Media reports about a first information report (FIR) registered by the Pune police against Saraswat Bank’s top executives and allegations about a bogus loan account worth Rs13 crore had worried depositors of the lender.
However, Mumbai-based Saraswat Cooperative Bank Ltd clarified that the FIR filed against its chairman, managing director (MD) and other executives is an attempt to create hurdles to prevent the Bank from recovering outstanding loans, for which the Bank has initiated the process of taking possession of the mortgaged property. Pune-based Smita Sameer Patil, a director of Orange Medicare & Research Centre Pvt Ltd (OMRC), had filed the FIR at the Kothrud police station.
In a release, Saraswat Bank says, "It has been a trend for some defaulting borrowers nowadays to create all sorts of hurdles including criminal charges against banks which are trying to recover their legitimate unpaid dues...the FIR has been filed by a director of OMRC with the intention to create hurdles and to avoid loan recovery action of taking possession of the mortgaged property as per the latest order issued by the tahsildar in December 2021."
Ms Patil, the director of OMRC, has registered an FIR against Gautam Thakur, chairman of the Saraswat Bank, Smita Sandhane (MD), Anand Chalke (chief manager), Pallavi Sali and Ratnakar Prabhakar (zonal managers), Abhishek Bhagat (branch manager, Vishrantwadi) and others.
According to Saraswat Bank, OMRC is a defaulter and the bank needs to recover around Rs16 crore, plus updated interest from the company as per the provisions of Securitisation and Reconstruction of Financial Assets and Enforcement of Securities Interest (SARFAESI) Act.
"In this regard, the securitisation officer of the Bank has initiated the recovery process by issuing a notice of taking possession. We wish to further state that the borrower tried to enter into a one-time settlement (OTS) with the bank but failed to repay the agreed amount and hence the OTS failed. Apprehending thereafter that the bank would take possession of the property, the borrower has filed this false case against its chairman, MD and officials of the bank.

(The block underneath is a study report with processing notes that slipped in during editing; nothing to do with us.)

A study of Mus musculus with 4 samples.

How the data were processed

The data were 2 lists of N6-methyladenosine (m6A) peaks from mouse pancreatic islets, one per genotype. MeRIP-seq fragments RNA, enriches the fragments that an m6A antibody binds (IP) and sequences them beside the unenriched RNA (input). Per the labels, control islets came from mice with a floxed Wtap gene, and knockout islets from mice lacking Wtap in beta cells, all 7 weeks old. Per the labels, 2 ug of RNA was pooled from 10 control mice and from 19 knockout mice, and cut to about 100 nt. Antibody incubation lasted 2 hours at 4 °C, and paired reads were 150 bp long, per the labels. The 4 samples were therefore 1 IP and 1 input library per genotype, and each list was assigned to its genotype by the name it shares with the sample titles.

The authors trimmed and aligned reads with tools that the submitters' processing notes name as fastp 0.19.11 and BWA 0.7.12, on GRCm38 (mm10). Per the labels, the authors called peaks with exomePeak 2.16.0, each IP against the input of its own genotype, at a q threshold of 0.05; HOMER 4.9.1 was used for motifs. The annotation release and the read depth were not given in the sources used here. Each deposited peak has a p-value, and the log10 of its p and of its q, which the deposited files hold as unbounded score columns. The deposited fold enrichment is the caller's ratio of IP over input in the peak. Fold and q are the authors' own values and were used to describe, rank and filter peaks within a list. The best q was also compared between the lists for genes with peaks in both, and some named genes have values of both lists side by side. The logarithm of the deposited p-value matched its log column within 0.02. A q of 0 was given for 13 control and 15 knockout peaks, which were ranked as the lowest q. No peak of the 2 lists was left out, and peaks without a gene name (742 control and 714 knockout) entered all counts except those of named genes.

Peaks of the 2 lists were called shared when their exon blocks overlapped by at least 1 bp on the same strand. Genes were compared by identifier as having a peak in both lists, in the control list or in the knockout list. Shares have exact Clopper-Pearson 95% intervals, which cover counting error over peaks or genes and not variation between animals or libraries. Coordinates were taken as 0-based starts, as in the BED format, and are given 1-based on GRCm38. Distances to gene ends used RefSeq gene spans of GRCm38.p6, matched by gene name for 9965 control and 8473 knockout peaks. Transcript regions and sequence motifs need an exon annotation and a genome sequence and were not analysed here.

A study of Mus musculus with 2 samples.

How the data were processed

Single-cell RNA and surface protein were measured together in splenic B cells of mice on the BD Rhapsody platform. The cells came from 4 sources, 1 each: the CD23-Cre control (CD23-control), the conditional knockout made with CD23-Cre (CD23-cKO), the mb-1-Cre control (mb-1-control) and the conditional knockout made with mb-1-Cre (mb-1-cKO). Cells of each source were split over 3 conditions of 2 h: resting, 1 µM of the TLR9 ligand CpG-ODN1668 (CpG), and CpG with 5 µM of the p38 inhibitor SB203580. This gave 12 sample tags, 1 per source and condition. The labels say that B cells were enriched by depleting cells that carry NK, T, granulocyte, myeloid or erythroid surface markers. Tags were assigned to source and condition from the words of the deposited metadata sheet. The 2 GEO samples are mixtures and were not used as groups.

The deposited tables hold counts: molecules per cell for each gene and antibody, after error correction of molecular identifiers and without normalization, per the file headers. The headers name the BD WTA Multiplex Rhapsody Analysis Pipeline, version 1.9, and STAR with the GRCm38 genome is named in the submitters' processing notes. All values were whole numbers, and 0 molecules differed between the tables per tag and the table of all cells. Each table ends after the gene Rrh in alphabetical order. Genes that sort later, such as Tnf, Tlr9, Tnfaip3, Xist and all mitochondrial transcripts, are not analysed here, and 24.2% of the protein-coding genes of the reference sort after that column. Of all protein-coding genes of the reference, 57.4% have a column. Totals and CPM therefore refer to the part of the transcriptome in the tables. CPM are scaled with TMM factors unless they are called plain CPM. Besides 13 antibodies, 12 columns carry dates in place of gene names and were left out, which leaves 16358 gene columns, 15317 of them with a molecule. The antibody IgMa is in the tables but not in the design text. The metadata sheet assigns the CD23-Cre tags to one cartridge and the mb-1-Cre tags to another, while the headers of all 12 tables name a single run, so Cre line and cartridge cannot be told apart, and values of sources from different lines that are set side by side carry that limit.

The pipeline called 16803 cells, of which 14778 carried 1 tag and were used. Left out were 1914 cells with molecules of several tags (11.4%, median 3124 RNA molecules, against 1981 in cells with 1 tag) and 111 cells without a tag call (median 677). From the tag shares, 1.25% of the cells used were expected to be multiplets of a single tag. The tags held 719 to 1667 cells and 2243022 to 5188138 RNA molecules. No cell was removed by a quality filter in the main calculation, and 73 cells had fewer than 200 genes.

"We deny all the allegations made in the complaint and we will also ensure that the bank will take all the steps to defend its action, its officials and take this case to its logical end," Saraswat Bank says.
According to local media reports, officials of Saraswat Bank allegedly made a bogus loan account and then, on 13 August 2018, sent a proposal to OMRC for an OTS of Rs13 crore. The Bank allegedly misused cheques given as security for a term-loan account by paying Rs2.5 crore for the fake loan account, the report says.
Saraswat Bank, however, says, “The cheque of Rs3.66 crore given by the company was returned unpaid (bounced), hence the bank issued a notice under section 138 of the Negotiable Instruments Act to OMRC.”
Saraswat Bank is India's largest urban co-operative bank with operations spread across six states – Maharashtra, Goa, Gujarat, Delhi, Madhya Pradesh and Karnataka.
According to the lender, five doctors set up OMRC and were granted a loan in 2011 to construct hospitals and procure medical equipment. However, the directors could not complete the project in time. This increased project cost, and to meet the increased costs, in 2013, Saraswat Bank granted an additional loan to OMRC.
OMRC could not complete the project over the next three years and, in 2016, Saraswat Bank declared the loan account of OMRC as a non-performing asset (NPA).
Next year, OMRC sold its 71% stake to Sameer Patil group of companies to tide over the financial crisis and inducted Ms Patil, who has filed the FIR against Saraswat Bank, as a director on the company's board.
"The group cleared only the overdue amount in the account while the principal remained unpaid; hence the account was upgraded as a standard account. Due to failure in honouring the repayment commitment, the account was classified again as NPA and securitisation proceedings were initiated," the lender says.
In 2018, the district magistrate at Pune issued a court order for physical possession of mortgaged property of OMRC. However, Saraswat Bank says, "The physical possession was not taken as the company submitted a cheque of Rs3.66 crore, along with a proposal for OTS. The OTS was approved by the bank. Directors individually paid Rs2.50 crore. The physical possession of the property was postponed on the company's request."
According to Saraswat Bank, the tahsildar’s office issued various dates for taking possession of the OMRC property; however, it was never executed by the tahsildar office.
"A contempt petition filed by OMRC in the Bombay High Court against the bank was also disposed of by the court. OMRC tried to delay the bank’s action taking possession of the property on various frivolous grounds," it added.
On 27 December 2021, the tahsildar issued an order for permitting possession of the OMRC property by the Bank.
"Saraswat Bank will not succumb to such pressure tactics and will pursue all legal remedies to take possession of the property of the defaulting company," the lender says.